Fixing a company should be BAU

Fixing a company should be BAU

Amid today’s rapid rate of disruption, every organisation should be in a cycle of continual improvement, but only a third appear to be doing so. We find out why it’s vital to make change an everyday focus.



Matthew Woods, National Lead Partner, Restructuring Services, KPMG, suspects that if the question were restricted to just ‘improve’ the response would be higher, but he would like to see a bigger focus on continual improvement.

“It is a competitive advantage to be continually looking at the business model, evolve it, restructure it, and change it, in order to remain relevant with new competition,” he says.

Here we find out what is driving that 34 percent to change, and what other organisations could gain from getting on the front foot.

Costs a clear driver

Of those undertaking a performance improvement, restructure or turnaround, 55 percent were focused on active cost reduction – one of the key levers a business can pull to increase its performance. Forty-four percent said they had needed to manage or monitor cash flows more closely over the last 12 months.

Cost reduction was most prevalent in Energy and Natural Resources (ENR) companies with 88 percent citing this as their main focus. The need to monitor cash flows was most common in the Property/Construction industry (75 percent).

“In ENR we had a super cycle and commodity prices and profits were at a peak. In some scenarios inefficient cost structures were being developed, and ENR companies have to race to right-size back to current prices,” Woods says.

For property and construction, tightening of the reins is likely related to available capital.

“Historically these sectors have been overbanked by the banking sector, so they are trying to generate cash flow internally with respect to it being more difficult to obtain externally,” Woods says.

Competition keeps the pressure on

Increased competition was another force for improvement for 54 percent of respondents. The nature of this competition differs across sectors, for example retail is facing an influx of international players entering the market, both via bricks and mortar stores and online.

“That has put significant pressure on the local participants as they don’t have the balance sheets to participate in pricing wars. Few of them have the scale to have the difficult negotiations with landlords to reset leasing prices,” Woods says.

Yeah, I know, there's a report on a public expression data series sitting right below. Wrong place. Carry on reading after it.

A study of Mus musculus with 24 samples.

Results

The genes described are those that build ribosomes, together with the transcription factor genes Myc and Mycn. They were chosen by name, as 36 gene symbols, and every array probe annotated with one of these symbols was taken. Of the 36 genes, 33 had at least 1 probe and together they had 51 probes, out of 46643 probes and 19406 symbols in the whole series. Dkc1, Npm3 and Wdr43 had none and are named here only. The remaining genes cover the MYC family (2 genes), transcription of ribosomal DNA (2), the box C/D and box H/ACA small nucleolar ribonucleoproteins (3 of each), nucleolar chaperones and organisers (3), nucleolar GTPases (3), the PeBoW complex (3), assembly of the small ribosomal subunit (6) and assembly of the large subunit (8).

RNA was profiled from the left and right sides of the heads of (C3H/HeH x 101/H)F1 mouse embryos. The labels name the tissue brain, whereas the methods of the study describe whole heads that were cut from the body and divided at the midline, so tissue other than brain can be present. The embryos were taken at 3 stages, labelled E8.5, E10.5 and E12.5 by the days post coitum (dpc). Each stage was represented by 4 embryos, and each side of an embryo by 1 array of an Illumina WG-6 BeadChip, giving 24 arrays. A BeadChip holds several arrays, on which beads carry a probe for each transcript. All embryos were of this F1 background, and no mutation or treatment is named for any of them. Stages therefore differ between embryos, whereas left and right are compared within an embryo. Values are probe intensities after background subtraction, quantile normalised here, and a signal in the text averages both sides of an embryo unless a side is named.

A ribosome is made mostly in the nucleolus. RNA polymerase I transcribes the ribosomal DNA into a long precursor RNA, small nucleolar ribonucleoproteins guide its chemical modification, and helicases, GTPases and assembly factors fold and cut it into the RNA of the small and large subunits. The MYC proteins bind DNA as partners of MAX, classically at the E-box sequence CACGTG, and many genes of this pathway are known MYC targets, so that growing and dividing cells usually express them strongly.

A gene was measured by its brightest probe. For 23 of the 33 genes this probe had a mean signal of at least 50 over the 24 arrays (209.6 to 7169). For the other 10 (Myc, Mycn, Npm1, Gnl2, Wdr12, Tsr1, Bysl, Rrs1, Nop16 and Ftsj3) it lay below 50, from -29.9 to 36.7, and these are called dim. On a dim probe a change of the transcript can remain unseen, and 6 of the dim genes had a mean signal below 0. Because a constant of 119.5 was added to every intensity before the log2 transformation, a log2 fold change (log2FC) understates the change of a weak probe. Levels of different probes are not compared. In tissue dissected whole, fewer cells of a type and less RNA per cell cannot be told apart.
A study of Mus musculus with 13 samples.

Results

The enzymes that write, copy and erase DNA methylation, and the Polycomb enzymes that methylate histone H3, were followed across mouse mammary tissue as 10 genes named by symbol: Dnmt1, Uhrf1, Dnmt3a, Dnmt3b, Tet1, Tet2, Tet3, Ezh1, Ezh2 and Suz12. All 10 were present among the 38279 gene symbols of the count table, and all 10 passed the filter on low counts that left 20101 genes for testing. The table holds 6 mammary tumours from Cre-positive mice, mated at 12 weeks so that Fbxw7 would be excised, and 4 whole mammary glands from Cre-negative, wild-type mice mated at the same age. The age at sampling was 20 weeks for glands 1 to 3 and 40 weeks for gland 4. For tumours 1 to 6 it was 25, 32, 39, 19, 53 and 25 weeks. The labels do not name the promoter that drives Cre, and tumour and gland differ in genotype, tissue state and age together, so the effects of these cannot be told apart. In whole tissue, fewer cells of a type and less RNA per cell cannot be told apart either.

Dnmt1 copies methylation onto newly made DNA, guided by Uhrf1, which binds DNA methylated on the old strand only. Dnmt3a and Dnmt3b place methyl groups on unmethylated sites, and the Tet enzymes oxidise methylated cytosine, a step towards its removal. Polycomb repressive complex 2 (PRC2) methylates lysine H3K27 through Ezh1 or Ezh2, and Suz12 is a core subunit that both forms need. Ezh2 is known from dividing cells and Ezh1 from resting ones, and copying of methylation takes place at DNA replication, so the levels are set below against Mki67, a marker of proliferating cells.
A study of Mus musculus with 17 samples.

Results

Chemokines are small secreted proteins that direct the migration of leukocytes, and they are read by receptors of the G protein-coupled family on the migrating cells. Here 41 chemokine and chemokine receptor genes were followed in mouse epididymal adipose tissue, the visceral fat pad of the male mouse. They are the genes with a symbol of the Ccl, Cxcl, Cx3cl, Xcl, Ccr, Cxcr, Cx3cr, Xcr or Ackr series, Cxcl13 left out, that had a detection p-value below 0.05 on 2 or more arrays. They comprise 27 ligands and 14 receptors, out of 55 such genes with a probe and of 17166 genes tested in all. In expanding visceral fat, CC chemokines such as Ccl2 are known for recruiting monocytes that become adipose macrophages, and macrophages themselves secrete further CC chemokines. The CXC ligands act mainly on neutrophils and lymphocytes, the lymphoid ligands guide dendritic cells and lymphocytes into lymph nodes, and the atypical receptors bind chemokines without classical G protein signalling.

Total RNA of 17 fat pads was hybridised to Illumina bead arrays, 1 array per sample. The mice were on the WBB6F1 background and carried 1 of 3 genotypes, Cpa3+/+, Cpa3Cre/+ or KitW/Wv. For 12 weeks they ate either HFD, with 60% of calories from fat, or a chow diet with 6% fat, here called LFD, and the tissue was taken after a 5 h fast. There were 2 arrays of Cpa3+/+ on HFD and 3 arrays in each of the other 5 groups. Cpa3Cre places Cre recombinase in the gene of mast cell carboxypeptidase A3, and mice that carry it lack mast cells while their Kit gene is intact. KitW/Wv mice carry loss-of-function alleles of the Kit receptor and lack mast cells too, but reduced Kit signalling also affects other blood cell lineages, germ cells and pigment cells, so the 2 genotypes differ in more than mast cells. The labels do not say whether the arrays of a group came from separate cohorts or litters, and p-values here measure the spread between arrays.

Very established organisations are also not immune to competition, with many international investors prepared to take a longer term view on investment returns, explains David Morris, Head of Mergers & Acquisitions, KPMG Law.

“It’s an interesting dynamic between the level of tolerance on returns which some international investors have, compared with that of some of the local players, and that impacts the entire sector,” he says.

Safe harbour

Over 47 percent said they were not aware of Australia’s recently introduced ‘Safe Harbour’ laws. Of those who were aware, only 17 percent said it would increase their willingness to take on additional risk in pursuing their objectives.

Safe Harbour is a provision under the Corporations Act which gives a director an exception from personal liability for insolvent trading in certain circumstances. Morris says the lack of awareness of this exception stems from the fact that the legislation has only recently been introduced, and it has not been tested in the courts as yet.

“Directors will still be very cautious about seeking to rely on Safe Harbour until there have been clear examples of this exception applying in practice. As the Safe Harbour law becomes more fully understood, we are likely to see an increasing level of interest from directors in seeking to rely on it,” Morris says.

Evolve or be Kodak

Looking to improve, restructure or turnaround doesn’t have to have a negative connotation, but should be indicative of a company keeping up with the times. Morris hopes that organisations will adopt this mindset and integrate improvement into their daily activities.

“Competition is only going to increase, and the nature of it is going to change significantly as the whole digital economy evolves. You're going to see a lot of organisations looking to pursue performance improvement through a variety of actions, so I expect to see that percentage of 34 percent increase in the future,” he says.

The outlook for M&A may be good, but there are still plenty of perceived barriers in the way. Find out what they are and how to leap over them in M&A barriers can be overcome.

KPMG Australia acknowledges the Traditional Custodians of the land on which we operate, live and gather as employees, and recognise their continuing connection to land, water and community. We pay respect to Elders past, present and emerging.